Animal studies and small studies in humans have offered some evidence that these compounds, known as isoflavones, could help build muscle mass and reduce fat mass, Dr. Oksana A. Matvienko of the University of Northern Iowa in Cedar Falls and her colleagues write in the journal Menopause.
It's unclear why such compounds might have any effect on body composition, but it's possible that they might act as estrogen does, to affect hormones that play a role in fat and sugar metabolism.
To investigate whether isoflavones might help women avoid putting on fat after menopause, the researchers enrolled 229 postmenopausal women in their study, none of whom were severely obese. The women were randomly assigned to take a placebo - also known as a dummy pill -- a tablet containing 80 milligrams of soy isoflavones, or a 120-milligram isoflavone tablet every day for a year.
The isoflavones had no significant effect on women's bodies, the researchers found, nor did they affect levels of insulin, leptin, ghrelin, or adiponectin, hormones that help regulate appetite. The researchers did find a relationship between all of these "appetitive hormones"-aside from insulin-and body composition, but the only factor that predicted changes in fat mass was the amount of fat in a woman's diet.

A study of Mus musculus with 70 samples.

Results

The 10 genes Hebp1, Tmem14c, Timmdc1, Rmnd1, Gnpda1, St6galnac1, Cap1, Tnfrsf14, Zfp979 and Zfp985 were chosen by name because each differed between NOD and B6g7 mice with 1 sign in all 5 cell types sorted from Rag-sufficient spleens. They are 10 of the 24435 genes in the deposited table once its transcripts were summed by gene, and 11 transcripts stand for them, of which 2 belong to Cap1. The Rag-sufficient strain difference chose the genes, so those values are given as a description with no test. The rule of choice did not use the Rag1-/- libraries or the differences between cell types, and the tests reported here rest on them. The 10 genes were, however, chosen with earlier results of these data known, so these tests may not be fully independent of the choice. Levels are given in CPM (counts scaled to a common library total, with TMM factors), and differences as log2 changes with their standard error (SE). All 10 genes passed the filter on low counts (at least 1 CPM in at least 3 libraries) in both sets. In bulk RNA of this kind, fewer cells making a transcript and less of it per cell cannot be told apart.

And the longer it had been since a woman's last period, the higher her fat mass.
While the current findings found no effect of isoflavones, Matvienko and her colleagues say, it is possible that other compounds found in soy could influence body composition.
For now, though, the researchers say that they "cannot recommend" that healthy women take soy isoflavones to reduce body fat.